Oil production licences to be issued this year - government

Workers undertake the first flaring test at the Waraga 1 well in Kaiso-Tonya in Hoima District in western Uganda. The petroleum authority is yet to issue production licences to oil companies. FILE PHOTO

Kampala- Five oil production licences will be issued by the end of this year, a government official has said.

Speaking to journalists at an international oil and gas conference in Kampala on Wednesday, the head of the petroleum directorate, Mr Ernest Rubondo, revealed that they plan to issue around five production licences later this year to France’s Total E&P and UK’s Tullow PLC.
He said: “Issuance of the production licences like you heard awaits operationalisation of a petroleum authority but [we] hope before this year ends we will get this out of the way.”
Meanwhile, absence of an operational petroleum authority has been blamed for the delayed issuance of production licences to oil companies.

The petroleum authority, according to the Petroleum Act, is the body charged with, among others, monitoring and regulating oil activities, administering petroleum agreements, and ensuring that licenced oil companies uphold laws, regulations, rules and contract terms.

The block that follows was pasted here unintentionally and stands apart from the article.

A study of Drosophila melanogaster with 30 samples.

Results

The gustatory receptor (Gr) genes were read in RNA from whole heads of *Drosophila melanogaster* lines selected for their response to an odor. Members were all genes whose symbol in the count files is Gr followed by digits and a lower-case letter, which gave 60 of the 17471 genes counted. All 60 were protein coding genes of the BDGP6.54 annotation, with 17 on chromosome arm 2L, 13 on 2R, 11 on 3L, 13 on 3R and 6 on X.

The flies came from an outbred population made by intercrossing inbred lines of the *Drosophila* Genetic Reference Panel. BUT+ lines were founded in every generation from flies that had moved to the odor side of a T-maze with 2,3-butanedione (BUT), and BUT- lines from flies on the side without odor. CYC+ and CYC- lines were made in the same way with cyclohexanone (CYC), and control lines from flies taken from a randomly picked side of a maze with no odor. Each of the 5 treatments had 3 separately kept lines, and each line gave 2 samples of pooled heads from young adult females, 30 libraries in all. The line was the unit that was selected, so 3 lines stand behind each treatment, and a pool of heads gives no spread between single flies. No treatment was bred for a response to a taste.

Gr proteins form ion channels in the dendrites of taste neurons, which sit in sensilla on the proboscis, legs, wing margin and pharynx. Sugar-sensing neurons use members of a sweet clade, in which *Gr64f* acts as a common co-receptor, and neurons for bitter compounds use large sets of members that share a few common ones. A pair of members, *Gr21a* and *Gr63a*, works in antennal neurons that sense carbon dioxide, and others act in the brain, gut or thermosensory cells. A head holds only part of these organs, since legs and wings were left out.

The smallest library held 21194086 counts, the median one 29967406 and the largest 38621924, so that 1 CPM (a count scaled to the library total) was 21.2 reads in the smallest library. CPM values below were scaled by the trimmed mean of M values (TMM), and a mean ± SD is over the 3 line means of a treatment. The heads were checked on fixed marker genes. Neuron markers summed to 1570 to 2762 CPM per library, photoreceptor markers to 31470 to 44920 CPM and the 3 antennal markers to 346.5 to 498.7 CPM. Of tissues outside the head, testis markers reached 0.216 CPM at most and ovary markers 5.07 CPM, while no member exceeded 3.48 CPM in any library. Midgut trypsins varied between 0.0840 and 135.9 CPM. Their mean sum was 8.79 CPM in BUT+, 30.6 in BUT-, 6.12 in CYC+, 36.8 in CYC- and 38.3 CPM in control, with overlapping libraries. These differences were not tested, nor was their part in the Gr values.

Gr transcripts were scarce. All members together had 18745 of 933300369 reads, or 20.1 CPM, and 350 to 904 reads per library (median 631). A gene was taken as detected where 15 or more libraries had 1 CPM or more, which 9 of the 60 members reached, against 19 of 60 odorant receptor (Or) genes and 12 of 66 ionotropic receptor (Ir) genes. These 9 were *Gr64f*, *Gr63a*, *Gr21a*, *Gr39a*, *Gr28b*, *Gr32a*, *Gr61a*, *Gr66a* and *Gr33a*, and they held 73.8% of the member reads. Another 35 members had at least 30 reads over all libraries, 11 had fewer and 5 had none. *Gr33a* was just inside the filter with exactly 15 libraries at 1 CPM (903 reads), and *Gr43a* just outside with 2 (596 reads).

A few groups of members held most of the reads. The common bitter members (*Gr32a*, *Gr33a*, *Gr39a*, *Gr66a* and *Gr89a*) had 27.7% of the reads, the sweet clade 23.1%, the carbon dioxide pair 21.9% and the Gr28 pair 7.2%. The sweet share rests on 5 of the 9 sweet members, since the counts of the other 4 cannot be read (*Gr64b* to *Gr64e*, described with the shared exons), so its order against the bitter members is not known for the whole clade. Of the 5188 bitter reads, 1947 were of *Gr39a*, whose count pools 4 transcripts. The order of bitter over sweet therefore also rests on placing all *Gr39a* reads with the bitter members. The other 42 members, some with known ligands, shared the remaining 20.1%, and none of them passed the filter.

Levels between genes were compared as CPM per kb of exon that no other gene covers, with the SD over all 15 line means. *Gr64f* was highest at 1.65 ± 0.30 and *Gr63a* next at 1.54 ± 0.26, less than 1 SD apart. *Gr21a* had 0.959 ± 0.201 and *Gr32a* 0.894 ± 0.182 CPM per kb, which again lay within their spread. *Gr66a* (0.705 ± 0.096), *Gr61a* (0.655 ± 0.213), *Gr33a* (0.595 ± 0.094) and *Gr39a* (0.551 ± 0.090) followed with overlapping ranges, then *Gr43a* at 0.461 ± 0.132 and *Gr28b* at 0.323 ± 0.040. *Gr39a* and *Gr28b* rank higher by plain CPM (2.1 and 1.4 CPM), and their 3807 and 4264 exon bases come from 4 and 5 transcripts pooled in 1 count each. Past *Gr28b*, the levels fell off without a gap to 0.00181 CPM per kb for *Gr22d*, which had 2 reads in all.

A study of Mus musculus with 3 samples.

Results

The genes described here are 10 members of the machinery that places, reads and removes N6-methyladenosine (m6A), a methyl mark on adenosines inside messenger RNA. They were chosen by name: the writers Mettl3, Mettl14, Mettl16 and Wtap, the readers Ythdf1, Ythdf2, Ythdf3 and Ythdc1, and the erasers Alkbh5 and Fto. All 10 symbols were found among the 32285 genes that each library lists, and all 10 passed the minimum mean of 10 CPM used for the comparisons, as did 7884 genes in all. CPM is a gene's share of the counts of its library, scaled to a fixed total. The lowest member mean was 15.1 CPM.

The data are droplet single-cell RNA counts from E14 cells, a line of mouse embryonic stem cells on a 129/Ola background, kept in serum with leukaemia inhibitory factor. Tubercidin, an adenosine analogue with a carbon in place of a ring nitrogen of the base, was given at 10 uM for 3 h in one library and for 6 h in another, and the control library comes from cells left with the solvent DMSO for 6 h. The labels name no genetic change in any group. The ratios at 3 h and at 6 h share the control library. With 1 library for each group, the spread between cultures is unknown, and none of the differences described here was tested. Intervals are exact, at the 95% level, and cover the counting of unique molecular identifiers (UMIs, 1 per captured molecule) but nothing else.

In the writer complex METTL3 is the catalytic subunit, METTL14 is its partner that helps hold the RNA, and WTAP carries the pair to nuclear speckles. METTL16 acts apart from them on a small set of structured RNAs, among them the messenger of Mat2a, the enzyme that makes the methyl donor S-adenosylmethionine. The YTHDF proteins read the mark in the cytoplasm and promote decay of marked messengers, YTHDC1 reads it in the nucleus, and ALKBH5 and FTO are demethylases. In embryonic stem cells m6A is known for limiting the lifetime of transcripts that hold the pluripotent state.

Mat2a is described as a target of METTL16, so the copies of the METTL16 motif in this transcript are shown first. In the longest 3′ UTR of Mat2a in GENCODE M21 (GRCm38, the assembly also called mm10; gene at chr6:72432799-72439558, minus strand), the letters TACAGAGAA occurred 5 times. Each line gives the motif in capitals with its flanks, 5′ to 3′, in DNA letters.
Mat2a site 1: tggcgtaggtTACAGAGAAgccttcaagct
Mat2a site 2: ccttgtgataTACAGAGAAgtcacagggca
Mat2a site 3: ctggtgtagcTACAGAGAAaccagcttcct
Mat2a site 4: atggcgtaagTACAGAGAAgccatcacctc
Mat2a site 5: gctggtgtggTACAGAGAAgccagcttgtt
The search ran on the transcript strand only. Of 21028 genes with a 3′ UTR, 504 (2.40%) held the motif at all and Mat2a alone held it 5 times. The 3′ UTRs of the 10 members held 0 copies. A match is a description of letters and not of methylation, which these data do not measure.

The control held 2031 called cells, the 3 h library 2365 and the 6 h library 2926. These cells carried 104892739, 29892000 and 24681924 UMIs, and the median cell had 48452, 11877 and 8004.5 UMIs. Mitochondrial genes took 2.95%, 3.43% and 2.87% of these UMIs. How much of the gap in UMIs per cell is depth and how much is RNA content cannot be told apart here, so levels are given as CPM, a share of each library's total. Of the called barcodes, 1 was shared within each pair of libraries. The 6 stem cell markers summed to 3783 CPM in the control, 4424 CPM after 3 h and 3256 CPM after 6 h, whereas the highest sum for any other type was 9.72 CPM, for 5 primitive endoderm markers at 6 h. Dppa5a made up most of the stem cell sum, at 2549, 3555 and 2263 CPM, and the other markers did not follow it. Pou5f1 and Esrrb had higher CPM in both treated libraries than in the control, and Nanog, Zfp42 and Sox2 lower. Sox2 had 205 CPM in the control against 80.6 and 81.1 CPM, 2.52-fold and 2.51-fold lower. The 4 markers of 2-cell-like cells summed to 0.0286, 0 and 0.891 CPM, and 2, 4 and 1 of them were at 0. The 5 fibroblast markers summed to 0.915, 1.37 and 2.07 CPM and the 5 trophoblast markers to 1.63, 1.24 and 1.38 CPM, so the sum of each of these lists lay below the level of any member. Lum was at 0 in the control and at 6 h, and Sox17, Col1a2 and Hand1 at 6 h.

Speaking earlier at the same event, the assistant commissioner at the petroleum directorate in the Energy ministry, Mr Frank Mugisha, said vetting of members to manage the authority had been completed but were awaiting instruments of power.

“Most activities like issuance of production licences cannot take place without the petroleum authority,” he said.
Parliament early this week approved names of the proposed members of the authority board led by Dr Jane Mulemwa. The management team is however yet to be constituted.

A production license is the final phase in the oil production cycle - exploration, appraisal, development and production, eventually leading to commercial oil production.

“A production licence usually runs up to 25 years, so for such a contract you have to ensure that all loopholes are fixed in order to simply things for both government and the oil companies,” Mr Rubondo said.
However, Daily Monitor understands the draft production licences are currently with the Minister of Energy.

The government in 2013 awarded one conditional production licence over the Kingfisher field operated by China’s Cnooc.